Atlanta PD redirecting officers to help patrol protested police training site
Deputy Chief Timothy Peek said the redeployment will have “extreme minimal” impact to emergency responses in the rest of the city
By Riley Bunch and Tyler Estep
The Atlanta Journal-Constitution
ATLANTA — The Atlanta Police Department has redirected officers to help patrol the planned site of the public safety training center in DeKalb County, following the shooting death of an environmental activist in an incident that also left a Georgia State Patrol trooper wounded.
It is unclear how many officers have been diverted to the area.
During an Atlanta City Council public safety committee meeting on Monday, APD Deputy Chief Timothy Peek told members that the redeployment will have “extreme minimal” impact to emergency responses in the rest of the city.
“We have placed some officers out there because of the violence that’s been at that particular location to ensure that the officers aren’t hurt, that the construction people — who are there doing the service on behalf of Atlanta Police Foundation and the build out — would be safe because there have been threats, there have been a lot of things going on,” Peek said. “But it’s a very small footprint of people that are out there with a good plan in place to ensure that everyone’s safe.”
His comments came a week after SWAT teams from Atlanta and DeKalb County police departments, as well as Georgia State Patrol troopers, cleared the woods in anticipation of construction of the $90 million facility.
That activity was on the heels of the Jan. 18 “clearing operation” that left a trooper wounded from a bullet to the abdomen, and activist Manuel “Tortuguita” Teran dead.
The Georgia Bureau of Investigation has accused Teran of firing first, and said a gun found at the scene was matched to the bullet that struck the trooper, whose name has not been released. GBI has also said Teran purchased the weapon in question.
The incident, though, was not captured on video. State troopers are generally not equipped with body cameras. The Atlanta Police Department recently released footage from its own officers in the area, but they do not show the shooting itself.
“Why do we have our officers out there? Is this something that we typically would do for a nonprofit or for a private organization?” District 12 Councilman Antonio Lewis asked Monday. The question suggested that the Atlanta Police Foundation, the nonprofit in charge of the project, should be on the hook for the additional security.
Peek told the committee that the department was in uncharted territory, and said he would discuss the matter with council members outside of the meeting.
“Quite frankly, I think this is a place that we’ve never been with the level of violence that we’ve had at that location,” Peek said.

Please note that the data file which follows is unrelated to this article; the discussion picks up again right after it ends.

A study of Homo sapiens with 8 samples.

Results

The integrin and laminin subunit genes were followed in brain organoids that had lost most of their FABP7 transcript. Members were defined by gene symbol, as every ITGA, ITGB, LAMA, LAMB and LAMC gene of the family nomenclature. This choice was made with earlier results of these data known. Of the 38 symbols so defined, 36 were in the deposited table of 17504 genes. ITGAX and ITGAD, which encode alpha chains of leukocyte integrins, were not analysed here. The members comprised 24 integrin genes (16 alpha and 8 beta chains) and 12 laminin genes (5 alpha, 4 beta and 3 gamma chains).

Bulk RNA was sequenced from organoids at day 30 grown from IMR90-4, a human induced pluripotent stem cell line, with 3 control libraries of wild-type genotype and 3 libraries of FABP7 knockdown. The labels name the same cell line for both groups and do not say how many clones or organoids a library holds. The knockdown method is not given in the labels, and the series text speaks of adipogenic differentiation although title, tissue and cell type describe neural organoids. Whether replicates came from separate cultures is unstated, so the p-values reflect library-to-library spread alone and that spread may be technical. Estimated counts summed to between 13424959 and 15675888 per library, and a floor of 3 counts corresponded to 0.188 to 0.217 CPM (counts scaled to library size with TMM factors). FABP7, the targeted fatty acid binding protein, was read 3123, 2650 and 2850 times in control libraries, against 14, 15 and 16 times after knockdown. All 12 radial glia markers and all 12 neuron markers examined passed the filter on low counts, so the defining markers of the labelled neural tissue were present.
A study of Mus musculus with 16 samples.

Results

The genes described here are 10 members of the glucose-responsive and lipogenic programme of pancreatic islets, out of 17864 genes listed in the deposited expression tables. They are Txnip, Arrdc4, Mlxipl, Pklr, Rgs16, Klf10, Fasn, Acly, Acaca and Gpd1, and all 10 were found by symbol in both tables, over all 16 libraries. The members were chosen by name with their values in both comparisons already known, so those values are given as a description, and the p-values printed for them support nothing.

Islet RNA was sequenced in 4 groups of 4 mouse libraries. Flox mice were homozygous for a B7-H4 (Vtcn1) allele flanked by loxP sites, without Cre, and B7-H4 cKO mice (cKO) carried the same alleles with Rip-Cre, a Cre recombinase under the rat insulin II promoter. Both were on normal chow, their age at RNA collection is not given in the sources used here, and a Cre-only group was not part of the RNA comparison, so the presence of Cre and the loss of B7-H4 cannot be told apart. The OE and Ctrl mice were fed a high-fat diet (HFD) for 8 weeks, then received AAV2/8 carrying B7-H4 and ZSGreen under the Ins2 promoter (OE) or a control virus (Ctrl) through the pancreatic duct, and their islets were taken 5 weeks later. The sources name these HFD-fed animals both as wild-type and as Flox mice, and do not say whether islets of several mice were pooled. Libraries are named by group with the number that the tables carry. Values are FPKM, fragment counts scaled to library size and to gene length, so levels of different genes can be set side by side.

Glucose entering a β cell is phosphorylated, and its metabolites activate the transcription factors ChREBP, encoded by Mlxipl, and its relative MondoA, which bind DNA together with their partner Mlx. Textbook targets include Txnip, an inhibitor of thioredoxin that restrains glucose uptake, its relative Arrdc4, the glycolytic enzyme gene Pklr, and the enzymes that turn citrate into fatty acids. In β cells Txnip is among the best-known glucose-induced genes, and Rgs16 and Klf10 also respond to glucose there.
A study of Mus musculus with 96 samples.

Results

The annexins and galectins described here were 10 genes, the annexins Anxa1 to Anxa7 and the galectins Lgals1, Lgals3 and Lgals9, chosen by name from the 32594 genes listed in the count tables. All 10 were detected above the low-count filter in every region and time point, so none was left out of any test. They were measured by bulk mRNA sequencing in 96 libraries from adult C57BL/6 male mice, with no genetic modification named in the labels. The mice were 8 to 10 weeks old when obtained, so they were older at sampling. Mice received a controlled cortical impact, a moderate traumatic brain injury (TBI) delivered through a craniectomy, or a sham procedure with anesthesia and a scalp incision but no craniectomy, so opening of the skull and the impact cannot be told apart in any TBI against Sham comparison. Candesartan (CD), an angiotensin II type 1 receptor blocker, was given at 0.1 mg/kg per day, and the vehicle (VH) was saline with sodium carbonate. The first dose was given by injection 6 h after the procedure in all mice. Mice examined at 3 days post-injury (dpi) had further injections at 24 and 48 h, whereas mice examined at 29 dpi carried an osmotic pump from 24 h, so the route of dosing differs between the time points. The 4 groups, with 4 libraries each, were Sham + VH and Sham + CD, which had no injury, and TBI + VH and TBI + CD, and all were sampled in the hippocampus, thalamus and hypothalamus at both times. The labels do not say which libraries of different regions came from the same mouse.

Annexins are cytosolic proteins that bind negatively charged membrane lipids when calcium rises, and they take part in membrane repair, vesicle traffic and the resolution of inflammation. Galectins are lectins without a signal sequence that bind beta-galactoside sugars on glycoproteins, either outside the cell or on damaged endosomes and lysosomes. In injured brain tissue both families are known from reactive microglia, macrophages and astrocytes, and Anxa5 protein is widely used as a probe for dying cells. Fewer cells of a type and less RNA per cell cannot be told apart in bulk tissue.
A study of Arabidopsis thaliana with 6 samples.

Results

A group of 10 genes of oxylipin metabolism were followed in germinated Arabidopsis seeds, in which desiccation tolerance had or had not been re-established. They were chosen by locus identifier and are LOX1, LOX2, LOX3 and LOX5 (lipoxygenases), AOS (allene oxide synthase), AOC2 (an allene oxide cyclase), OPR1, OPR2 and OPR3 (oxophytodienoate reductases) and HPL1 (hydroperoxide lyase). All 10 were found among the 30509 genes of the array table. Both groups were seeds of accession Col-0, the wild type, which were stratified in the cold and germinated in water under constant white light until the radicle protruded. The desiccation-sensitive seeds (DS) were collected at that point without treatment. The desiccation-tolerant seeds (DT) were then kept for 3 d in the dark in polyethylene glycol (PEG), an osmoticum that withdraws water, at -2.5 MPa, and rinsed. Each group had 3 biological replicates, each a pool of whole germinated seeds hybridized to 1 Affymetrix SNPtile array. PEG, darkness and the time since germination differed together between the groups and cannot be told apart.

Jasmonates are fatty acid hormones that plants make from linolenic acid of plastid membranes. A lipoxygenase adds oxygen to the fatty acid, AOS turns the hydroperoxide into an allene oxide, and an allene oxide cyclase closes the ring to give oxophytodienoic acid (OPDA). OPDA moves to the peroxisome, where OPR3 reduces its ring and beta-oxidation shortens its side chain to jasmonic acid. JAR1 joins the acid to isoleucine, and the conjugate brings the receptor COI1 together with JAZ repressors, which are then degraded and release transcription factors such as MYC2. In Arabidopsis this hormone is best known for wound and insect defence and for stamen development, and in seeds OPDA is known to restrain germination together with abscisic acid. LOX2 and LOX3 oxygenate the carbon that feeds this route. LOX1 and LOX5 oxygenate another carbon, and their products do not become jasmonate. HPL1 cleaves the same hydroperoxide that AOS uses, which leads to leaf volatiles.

In a statement to The Atlanta Journal-Constitution, APD officials declined to disclose the number of officers shifted to the site, but said it includes members from every division.
“Commanders will be closely monitoring crime throughout the city and routinely assessing resource placement to ensure our ability to respond to and address crime elsewhere is not impacted,” Senior Police Officer TaSheena Brown said.
The actual timeline for construction of the training center, meanwhile, may be in limbo.
Initial land disturbance permits, which allow for things like clearing, grading and infrastructure improvements on the site, were issued by DeKalb County’s planning department on Jan. 31.
Several days later, a local resident named Amy Taylor filed a formal challenge to the permits, accusing the city and county of overlooking existing restrictions on sediment discharges and exaggerating the amount of greenspace that would be preserved.
Work at the site has seemingly continued apace since the appeal was filed — but an attorney representing Taylor, DeKalb County Commissioner Ted Terry and the South River Watershed Alliance has now asked a judge to press pause until the matter is resolved.
Attorney Jon Schwartz filed the 17-page request for an emergency injunction late Monday afternoon.
The filing cites a DeKalb County code section that says an appeal of land disturbance permits issued for a development “on residentially zoned property” should automatically result in work being stopped until the matter is resolved.
Because Atlanta owns the property in question, it did not have to go through the normal rezoning process, and the training center facility is slated to be built on property otherwise zoned for residential development.
A hearing on the requested injunction was scheduled for Thursday afternoon in Fulton County Superior Court, Schwartz said. If granted, it could pause work on the training center site for nearly two months.
Under the zoning board of appeals’ normal scheduling guidelines, the matter would not be heard until a meeting on April 12.